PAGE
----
Many bloggers—at least those I seem to run into—tend to be conservative, free market types. I’m okay with that in general. But we seem to find discord with Big Oil profits and the recent gasoline price hikes following hurricanes Gustav and Ike. I should note that 2 dozen US refineries remain closed or are just starting up following the hurricanes.
It is simple supply and demand economics, therefore, that gas pump prices are up. This is largely a factor of panic at the pumps. Following many blogs and news stories over the weekend, there were very few shortages due to Ike. Localized problems were the result of a frenzied, “chicken little” types reminiscent of reaction to the War of Worlds radio broadcast in 1938. Wild rumors and media hype made people act like frenzied sharks after chum.
When people overdrive the available supply and ability of the distribution system to keep up on the local level, the impact of what would probably have been slightly higher prices with little or no noticeable shortages will now have longer consequences. I understand that. I also appreciate consumer choices—in this case, a “me first” rash purchase, sometimes even personal hoarding—resulted in a run on gasoline supplies. Apparently nobody remembers the effect the run on banks had in 1929 that led to a little thing called the Great Depression.
But, the extremely high profits of Big Oil put them on a prove your innocence footing with me. It’s hard for me to accept they still need their drilling incentives. It’s hard for me to accept they need the higher profits. It’s hard for me to pay higher prices, knowing the station operator doesn’t get but a small amount of that, while Big Oil reports record profits every quarter. I’d be far more tolerant if they’d “share the suffering,” even just a little bit. Say, maybe, 5 cents a gallon. I’ll bet they could still enjoy record profits, but think of the customer good will!
Since I make no bones about distrusting Big Oil, I don’t rule out the possibility they had some small role in the shenanigans since last Friday. It may be innocuous, informing the media that refineries in Ike’s path will be shut down. It’s just that I think the media is very predictable and Big Oil sophisticated enough to manipulate the unknowing media. Either way, the media created a lot of attention—I’d call it hype—that generated increased purchases. This led to some increased prices which begot rumors. Next came higher prices, fear-buying, lines, fights, and some localized sell-outs. There are, after all, only so many tanker trucks and drivers to keep the stations supplied. The sell-outs didn’t mean there was no gas. But by then, the Martians had landed, if you know what I mean.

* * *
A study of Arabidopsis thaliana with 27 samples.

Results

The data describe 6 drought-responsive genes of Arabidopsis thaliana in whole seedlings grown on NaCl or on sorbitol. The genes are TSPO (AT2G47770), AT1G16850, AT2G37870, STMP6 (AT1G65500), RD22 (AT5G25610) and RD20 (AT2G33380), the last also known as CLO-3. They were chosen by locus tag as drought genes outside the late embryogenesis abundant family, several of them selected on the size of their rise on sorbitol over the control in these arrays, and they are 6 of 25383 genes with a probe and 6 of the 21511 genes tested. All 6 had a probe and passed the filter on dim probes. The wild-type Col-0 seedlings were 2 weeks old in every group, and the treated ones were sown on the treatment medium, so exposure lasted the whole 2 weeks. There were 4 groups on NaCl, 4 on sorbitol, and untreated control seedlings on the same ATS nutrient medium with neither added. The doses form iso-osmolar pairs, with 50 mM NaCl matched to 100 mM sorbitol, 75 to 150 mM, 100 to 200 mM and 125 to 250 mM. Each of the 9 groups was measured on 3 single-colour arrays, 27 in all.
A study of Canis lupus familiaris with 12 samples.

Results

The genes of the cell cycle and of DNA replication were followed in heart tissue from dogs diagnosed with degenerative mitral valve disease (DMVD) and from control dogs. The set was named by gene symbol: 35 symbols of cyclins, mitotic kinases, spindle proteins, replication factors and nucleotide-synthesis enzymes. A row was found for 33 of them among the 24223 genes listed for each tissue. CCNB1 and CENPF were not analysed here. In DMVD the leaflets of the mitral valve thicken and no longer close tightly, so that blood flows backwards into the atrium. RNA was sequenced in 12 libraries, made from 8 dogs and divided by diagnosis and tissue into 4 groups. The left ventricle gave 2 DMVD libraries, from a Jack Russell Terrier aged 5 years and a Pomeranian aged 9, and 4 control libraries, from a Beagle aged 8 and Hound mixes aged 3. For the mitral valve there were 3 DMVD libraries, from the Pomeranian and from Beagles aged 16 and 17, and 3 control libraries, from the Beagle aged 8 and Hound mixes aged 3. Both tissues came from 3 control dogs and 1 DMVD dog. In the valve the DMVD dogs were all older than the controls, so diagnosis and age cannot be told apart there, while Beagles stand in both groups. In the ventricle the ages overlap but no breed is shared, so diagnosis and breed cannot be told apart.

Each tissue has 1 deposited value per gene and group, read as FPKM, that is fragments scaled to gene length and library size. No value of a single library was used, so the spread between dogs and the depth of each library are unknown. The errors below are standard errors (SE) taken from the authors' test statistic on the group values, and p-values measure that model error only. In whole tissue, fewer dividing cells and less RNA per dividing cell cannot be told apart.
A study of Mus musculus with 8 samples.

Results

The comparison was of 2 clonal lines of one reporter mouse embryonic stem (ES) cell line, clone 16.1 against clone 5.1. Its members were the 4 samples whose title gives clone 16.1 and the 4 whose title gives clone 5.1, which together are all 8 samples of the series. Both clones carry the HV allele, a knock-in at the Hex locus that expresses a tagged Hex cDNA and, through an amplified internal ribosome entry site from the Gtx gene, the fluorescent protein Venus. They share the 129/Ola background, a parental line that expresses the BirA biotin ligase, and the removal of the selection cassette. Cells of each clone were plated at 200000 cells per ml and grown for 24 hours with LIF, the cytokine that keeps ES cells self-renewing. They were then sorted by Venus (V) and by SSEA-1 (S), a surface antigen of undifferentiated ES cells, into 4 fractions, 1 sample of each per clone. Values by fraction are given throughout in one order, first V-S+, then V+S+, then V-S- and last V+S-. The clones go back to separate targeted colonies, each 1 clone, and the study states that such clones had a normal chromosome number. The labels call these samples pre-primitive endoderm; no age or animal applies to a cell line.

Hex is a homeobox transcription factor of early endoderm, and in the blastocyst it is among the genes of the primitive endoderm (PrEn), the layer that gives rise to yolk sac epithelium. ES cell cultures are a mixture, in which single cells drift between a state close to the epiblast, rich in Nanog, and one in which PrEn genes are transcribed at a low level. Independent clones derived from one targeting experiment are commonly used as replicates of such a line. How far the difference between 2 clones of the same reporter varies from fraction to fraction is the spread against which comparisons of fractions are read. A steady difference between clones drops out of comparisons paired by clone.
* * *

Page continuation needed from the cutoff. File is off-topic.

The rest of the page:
Lots of people started using the G word—gouging. I visited a blog the other day claiming $6 plus prices in one area. But, a quick trip to cityxgasprices.com told me the prices for that Saturday were never anywhere near $6, not even within $1.50 of that. That doesn’t mean some stations weren’t profiteering. Michigan’s Attorney General is investigating 16 gouging allegations. That’s not Big Oil, however. That’s station operators.
Another popular argument against those who “have it in for Big Oil” is the claim other industries have higher returns on investment or higher profit percentages. Rich’s comment on this blog said those differences were like apples to oranges, hence the title of this block entry. A common choice for comparison is software companies, a euphemism for a Washington state-based operating system and productivity suite developer and marketer.
Here’s where that analogy fails, however. You see, I don’t need that operating system or office suite. There are competing commercial products as well as open source products. Even Big Software’s web browser has competition. So, while I may need to use software, I have options. Another market segment cited for high ROI is pharmaceuticals. Bear in mind, now, that pharmaceuticals is, essentially chemicals. To be honest, I could climb on this bandwagon because I think the Big Pill people are raping us, too. But, again, I have choices. Generics are available for a number of medications. There are alternatives for some of the big sellers (how many different allergy, blood pressure, and cholesterol meds are out there?) and others are not essential, such as the hair loss and ED pills whose commercials I really detest.
With oil, however, I don’t have much choice. I can pick between brands or go with “no name” brands, but the price is usually pretty close. And, while I won’t buy from ExxonMobil (because of their disgustingly high net profits) and Citgo (because they’re Venezuelan-owned), I realize the gasoline I buy could come from any of the refiners and the crude that went into it from any oil region on the globe. So, even the minute choices I have are actually rendered virtually non-existent. I work 87 miles away from where I live, so bicycle is not an option. I don’t have a mass transit choice. Petrol is it and it’s not discretionary. Without employment, there’s no food on the table.
Ok, pharmaceuticals, software, and petroleum might be like trying to compare peaches to oranges to apples. But all the varieties of apples are still apples. And the apples I gotta have.